Along the 2-year-old trail:
The Jockey Club in New York, which approves the names of all thoroughbreds in the United States, wasn’t paying close attention when it approved the name of Temperate Sil, the roan colt who will be favored in next Wednesday’s Del Mar Futurity.
At first glance, there’s nothing wrong with Temperate Sil’s name. It’s not off-color or suggestive, it isn’t the name of a well-known person who would need to give his permission, it’s not the name of a famous previous horse and it doesn’t contain more than 18 characters. These are some of the requirements the Jockey Club considers before approving a name.
The trouble with Temperate Sil’s name is in the pronunciation. Say it quickly and the name sounds the same as Temperence Hill, who happens to be Temperate Sil’s sire. Temperence Hill, which is the misspelled name for a rural area in Arkansas, won the Belmont Stakes at 53-1 in 1980.
Writing Temperate Sil’s name causes no confusion with the sire. But if Temperate Sil continues to develop and becomes a contender for next year’s Kentucky Derby, any broadcaster who mentions his name will have to qualify it with: " . . . Not to be confused with his sire, Temperence Hill, whose name has a different spelling . . . “
Along with the confusing pronunciation of Temperate Sil’s name, the colt’s stable name--Frankfurt Stable--is misspelled. When Lew Figone, the owner of a San Francisco Bay Area garbage-collecting business, got into the sport several years ago, he wanted his horses to run under a name that had a racing connotation. So Figone thought he was naming his stable after Frankfort, the town in the heart of the Kentucky bluegrass country. Instead he has the city in West Germany.
Of course, Charlie Whittingham, who trains Temperate Sil, doesn’t care how the horse’s name is pronounced, or how the stable spells its name, just as long as the colt runs fast.
“In his last race (the Balboa Stakes at Del Mar last week), he had all kinds of problems and he still won easy (by 2 lengths),” Whittingham said. “He’s a strong horse with a lot of potential.”
When Mel Stute replaced Laz Barrera this spring as the trainer for Dolly Green, the Beverly Hills socialite’s horses were scattered around several training centers, and not many were in a condition to run.
Stute, who was at Garden State Park preparing Snow Chief for his win in the Jersey Derby, liked a filly named Brave Raj and bought her for $300,000 on behalf of Green.
Already, Brave Raj is on her way toward earning back the purchase price. Not nominated to last Sunday’s Del Mar Debutante, she started after a $10,000 supplementary fee was paid and won the $197,575 race by 3 1/2 lengths.
Monday, Stute supplemented another 2-year-old, the colt Prince Sassafras, to run in the $470,700 Arlington-Washington Futurity at Arlington Park. Prince Sassafras didn’t win, but at least he ran fourth and earned $32,949, which just about covered expenses after his shipping fee is figured in.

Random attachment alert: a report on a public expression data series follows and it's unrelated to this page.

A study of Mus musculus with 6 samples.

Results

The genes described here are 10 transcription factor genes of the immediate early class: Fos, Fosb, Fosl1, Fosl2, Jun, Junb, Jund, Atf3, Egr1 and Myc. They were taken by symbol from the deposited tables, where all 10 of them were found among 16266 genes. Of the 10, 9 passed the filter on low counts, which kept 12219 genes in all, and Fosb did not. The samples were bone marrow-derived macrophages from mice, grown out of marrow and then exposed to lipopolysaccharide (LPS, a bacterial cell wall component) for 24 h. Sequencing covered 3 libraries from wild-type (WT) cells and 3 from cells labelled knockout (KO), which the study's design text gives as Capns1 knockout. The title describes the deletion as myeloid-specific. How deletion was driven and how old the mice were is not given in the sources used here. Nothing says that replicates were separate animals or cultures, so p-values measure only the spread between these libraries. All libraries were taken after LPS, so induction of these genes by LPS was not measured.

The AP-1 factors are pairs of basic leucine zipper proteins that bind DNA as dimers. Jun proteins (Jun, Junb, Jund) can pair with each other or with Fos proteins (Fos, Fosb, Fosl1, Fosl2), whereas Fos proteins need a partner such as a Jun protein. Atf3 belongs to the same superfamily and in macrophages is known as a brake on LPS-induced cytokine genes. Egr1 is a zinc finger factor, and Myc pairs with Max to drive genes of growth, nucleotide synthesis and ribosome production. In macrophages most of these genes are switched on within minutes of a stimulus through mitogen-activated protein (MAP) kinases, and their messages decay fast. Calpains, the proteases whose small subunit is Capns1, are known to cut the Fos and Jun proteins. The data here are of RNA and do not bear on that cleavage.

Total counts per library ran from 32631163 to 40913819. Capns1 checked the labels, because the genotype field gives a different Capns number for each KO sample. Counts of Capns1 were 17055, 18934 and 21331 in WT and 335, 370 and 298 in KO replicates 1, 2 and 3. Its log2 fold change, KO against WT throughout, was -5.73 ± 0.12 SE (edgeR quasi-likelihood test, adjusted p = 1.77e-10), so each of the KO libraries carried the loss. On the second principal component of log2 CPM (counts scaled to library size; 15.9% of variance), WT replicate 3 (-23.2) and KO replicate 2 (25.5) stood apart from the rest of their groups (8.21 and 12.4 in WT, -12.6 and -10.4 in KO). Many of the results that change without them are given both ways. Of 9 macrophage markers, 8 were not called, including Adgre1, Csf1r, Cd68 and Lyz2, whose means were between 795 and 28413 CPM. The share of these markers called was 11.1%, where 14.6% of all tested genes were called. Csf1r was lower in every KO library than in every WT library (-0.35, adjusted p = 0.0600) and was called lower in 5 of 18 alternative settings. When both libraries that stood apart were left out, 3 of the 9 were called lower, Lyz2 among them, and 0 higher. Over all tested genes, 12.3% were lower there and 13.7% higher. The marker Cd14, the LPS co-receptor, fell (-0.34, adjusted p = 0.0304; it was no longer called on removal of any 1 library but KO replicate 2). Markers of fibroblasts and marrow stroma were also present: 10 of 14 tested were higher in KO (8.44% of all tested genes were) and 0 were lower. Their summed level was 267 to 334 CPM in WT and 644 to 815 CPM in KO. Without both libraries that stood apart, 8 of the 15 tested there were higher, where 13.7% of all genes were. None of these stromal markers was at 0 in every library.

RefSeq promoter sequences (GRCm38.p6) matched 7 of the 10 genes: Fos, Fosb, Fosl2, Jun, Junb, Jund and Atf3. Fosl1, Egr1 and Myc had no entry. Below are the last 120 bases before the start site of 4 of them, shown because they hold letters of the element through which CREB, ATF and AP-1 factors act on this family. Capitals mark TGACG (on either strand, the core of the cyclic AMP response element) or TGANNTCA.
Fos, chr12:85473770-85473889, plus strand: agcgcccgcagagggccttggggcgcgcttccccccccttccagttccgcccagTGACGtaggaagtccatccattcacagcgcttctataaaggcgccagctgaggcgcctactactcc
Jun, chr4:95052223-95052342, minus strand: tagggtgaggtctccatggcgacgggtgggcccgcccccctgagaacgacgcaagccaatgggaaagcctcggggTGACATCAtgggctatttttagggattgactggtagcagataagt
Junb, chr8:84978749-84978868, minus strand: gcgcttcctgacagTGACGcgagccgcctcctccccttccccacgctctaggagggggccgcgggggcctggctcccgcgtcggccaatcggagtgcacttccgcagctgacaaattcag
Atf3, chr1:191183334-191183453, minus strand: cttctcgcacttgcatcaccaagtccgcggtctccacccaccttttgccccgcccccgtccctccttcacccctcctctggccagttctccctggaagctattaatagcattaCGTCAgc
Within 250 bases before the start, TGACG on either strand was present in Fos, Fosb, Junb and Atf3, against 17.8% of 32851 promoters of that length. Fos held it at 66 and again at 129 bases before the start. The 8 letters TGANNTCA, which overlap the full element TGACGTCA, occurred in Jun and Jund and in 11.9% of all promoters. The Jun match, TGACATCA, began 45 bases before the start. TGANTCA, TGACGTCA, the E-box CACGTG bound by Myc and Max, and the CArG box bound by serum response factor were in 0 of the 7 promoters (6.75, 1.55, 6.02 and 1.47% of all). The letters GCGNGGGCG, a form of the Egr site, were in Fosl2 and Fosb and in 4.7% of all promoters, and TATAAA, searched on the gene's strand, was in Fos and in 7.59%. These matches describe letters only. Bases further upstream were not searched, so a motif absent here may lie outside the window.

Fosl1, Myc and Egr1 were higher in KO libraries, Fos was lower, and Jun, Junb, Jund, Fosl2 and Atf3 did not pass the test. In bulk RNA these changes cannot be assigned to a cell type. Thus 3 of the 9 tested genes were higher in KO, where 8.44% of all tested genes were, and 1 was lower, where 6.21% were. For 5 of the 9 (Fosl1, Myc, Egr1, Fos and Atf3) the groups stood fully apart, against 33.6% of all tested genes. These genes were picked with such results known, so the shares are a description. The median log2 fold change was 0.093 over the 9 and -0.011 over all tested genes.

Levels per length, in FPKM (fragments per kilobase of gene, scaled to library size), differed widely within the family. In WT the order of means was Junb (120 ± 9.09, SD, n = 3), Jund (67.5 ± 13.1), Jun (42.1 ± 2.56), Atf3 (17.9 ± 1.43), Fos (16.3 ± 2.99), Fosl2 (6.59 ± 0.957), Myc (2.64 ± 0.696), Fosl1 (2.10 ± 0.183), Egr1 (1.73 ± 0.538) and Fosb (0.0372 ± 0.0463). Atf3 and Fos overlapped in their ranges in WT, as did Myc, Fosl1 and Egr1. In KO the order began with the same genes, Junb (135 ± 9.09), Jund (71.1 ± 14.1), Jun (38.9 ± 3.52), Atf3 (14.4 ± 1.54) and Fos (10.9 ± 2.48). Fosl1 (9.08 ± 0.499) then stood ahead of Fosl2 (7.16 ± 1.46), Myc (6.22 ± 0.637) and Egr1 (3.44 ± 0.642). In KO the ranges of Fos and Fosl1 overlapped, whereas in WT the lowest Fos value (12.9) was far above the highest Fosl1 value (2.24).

Brave Raj was the first stakes winner for Corey Black, the 17-year-old rider who began the year with the goal of winning the Eclipse Award as the outstanding apprentice.
Black’s top rival for the Eclipse, which is determined by a vote of turf writers and racing secretaries at most of the major tracks, is Allen Stacy, who is based in Maryland but was riding at Delaware Park until Pimlico reopened this week. Stacy, 21, whose apprenticeship ends on Nov. 1, led Black by about 100 wins based on Daily Racing Form statistics through the middle of August, but Black, whose apprenticeship ends late this month, has an edge of about $600,000 in purses.
Racing Notes The last seven days of the Del Mar season include a stakes race every afternoon. Highlighting the windup are the $125,000 Ramona Handicap for fillies and mares on grass Sunday and next Wednesday’s closing-day, $150,000 Del Mar Futurity. . . . A week from today, the Los Angeles County Fair at Pomona’s Fairplex Park begins an 18-day season that ends on Sept. 28. . . . Tasso, last year’s champion 2-year-old colt, will make his first appearance since late May on Friday when he runs in the El Cajon Stakes for 3-year-olds at Del Mar. Tasso was scratched from a race earlier in the Del Mar season. . . . Next for Estrapade, the winner of the Budweiser-Arlington Million, is the Yellow Ribbon Stakes, a race she won last year, on Nov. 2 at Santa Anita. Trainer Charlie Whittingham doesn’t believe there’s a Breeders’ Cup race that fits Estrapade. Of the seven Breeders’ Cup races, only two are on the turf, one at a mile and the other at 1 1/2 miles, in which Estrapade would have to face males again, and probably a better group than what ran against her in the Million. The purse for the Yellow Ribbon, which is 1 miles, the same distance as the Million, is $400,000 and Estrapade’s owner, Allen Paulson, wouldn’t have to pay a $240,000 supplementary fee to run, which would be the case if his mare started in the $2 million Breeders’ Cup Turf Stakes.